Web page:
Consumer Sentiment Reaches Five-year High


The rise in consumer sentiment was the subject of just one of the many economic reports released on Wednesday as a result of the shortened Thanksgiving holiday week.  Let’s take a look at four of the most important grades1 Consumer Sentiment Reaches Five year Highreports:

Although the preliminary reading of the Thomson Reuters/University of Michigan Consumer Sentiment Index for November was an impressive 84.9, the final reading was less exciting, despite the fact that it rose to a five-year high.  The November CSI ticked upward to 82.7, from 82.6 in October.

From the report:

The Sentiment Index was 82.7 in November 2012, just above 82.6 in October, and well above last November’s 63.7.  The Expectations Index and Current Conditions components moved in opposite directions.  The Expectations Index slipped to 77.6 in November from 79.0 in October, while the Current Conditions Index rose to 90.7

in November from 88.1 in October. Both components were well above last November, with the Expectations Index posting more than twice the gain of the Current Conditions Index.

The Department of Labor’s weekly report on initial unemployment claims indicated a “less bad” advance figure of 410,000 new claims for the week ending November 17.  Economists had been expecting a more modest decline to 415,000 new claims as a result of Hurricane Sandy.   Jobless Claims Fell Sharply Last Week.  Weekly unemployment claims are remaining above the 400,000 level, which we were attempting to break below at this time last year.  The reports on initial unemployment claims are the best indicator of how little progress has been made in since the economic recovery began.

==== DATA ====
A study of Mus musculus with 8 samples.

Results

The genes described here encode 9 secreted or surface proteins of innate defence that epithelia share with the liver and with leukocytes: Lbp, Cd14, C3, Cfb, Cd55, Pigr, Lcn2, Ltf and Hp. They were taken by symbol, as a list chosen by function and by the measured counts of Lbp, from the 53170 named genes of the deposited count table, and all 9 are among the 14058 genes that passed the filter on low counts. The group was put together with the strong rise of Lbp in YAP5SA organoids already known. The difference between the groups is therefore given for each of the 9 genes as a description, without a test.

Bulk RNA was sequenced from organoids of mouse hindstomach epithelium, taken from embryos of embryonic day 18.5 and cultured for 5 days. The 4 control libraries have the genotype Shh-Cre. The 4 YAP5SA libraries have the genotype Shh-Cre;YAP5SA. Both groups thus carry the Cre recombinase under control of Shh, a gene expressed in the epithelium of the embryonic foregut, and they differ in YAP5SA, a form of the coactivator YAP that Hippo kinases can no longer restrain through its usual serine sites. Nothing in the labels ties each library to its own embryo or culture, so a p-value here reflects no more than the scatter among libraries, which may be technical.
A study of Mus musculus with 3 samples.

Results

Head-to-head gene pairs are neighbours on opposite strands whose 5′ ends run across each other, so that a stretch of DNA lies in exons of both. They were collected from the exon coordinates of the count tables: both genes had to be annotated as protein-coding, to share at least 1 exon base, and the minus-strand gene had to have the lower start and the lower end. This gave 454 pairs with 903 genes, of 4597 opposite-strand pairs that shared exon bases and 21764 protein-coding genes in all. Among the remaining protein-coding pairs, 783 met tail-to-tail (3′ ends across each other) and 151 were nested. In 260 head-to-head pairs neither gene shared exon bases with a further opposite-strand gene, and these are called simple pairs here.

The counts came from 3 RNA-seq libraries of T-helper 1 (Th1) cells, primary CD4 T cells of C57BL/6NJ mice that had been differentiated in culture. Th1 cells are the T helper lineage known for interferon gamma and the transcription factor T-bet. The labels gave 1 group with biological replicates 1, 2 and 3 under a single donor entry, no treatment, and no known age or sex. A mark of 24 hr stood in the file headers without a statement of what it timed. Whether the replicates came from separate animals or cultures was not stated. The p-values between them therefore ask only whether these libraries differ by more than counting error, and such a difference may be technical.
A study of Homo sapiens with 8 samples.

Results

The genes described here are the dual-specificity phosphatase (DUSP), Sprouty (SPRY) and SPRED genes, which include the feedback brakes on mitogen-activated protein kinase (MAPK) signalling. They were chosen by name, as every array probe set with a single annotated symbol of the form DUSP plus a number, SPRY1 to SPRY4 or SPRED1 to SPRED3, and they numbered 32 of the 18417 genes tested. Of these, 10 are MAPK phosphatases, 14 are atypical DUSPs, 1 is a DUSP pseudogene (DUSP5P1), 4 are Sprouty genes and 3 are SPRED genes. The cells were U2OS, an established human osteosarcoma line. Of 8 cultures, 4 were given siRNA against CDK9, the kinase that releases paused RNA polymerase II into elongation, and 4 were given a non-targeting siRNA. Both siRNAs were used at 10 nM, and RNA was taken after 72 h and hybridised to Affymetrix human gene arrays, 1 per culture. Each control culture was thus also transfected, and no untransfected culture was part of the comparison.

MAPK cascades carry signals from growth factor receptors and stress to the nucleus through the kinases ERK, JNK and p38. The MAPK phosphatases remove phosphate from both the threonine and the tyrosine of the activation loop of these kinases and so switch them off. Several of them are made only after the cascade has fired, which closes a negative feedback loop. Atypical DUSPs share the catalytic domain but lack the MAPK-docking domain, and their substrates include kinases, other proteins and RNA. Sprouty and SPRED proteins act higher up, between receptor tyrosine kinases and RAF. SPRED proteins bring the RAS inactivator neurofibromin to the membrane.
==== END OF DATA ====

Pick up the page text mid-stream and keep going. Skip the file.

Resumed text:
From the report:

In the week ending November 17, the advance figure for seasonally adjusted initial claims was 410,000, a decrease of 41,000 from the previous week’s revised figure of 451,000.  The 4-week moving average was 396,250, an increase of 9,500 from the previous week’s revised average of 386,750.

Weekly Unemployment Claims at 410K: The Sandy Effect Continues

The Conference Board’s Leading Economic Index for October was a pleasant surprise.  The October reading increased 0.2 percent to 96.0 after a revised 0.5 percent gain in September.  Economists had been anticipating a decrease of 0.2 percent.

From the report:

The Conference Board Leading Economic Index® (LEI) for the U.S. increased 0.2 percent in October to 96.0  (2004 = 100), following a 0.5 percent increase in September, and a 0.4 percent decline in August.

Says Ataman Ozyildirim, economist at The Conference Board: “The U.S. LEI increased slightly in October, the second consecutive increase.  The LEI still points to modestly expanding economic activity in the near term.  Over the last six months, improvements in the residential construction and financial components of the LEI have offset weak consumer expectations, manufacturing new orders and labor market components. Meanwhile, the coincident economic index also increased slightly in October.”

The November Flash (i.e. preliminary) U.S. Manufacturing Purchasing Managers’ Index from Markit Economics rose to 52.4 from 51.0 in October, in spite of economists’ expectations for a reading of 51.0.  Markit is new to the United States region with its PMI data.  The Institute for Supply Management has been the traditional authority for PMI reports in the United States.

From the report:

The Markit Flash U.S. Manufacturing Purchasing Managers’ Index™ (PMI™) signalled the strongest improvement in U.S. manufacturing business conditions for five months in November.  The preliminary ‘flash’ PMI reading, which is based on around 85% of usual monthly replies, rose to 52.4 from 51.0 in October to indicate a moderate manufacturing expansion overall.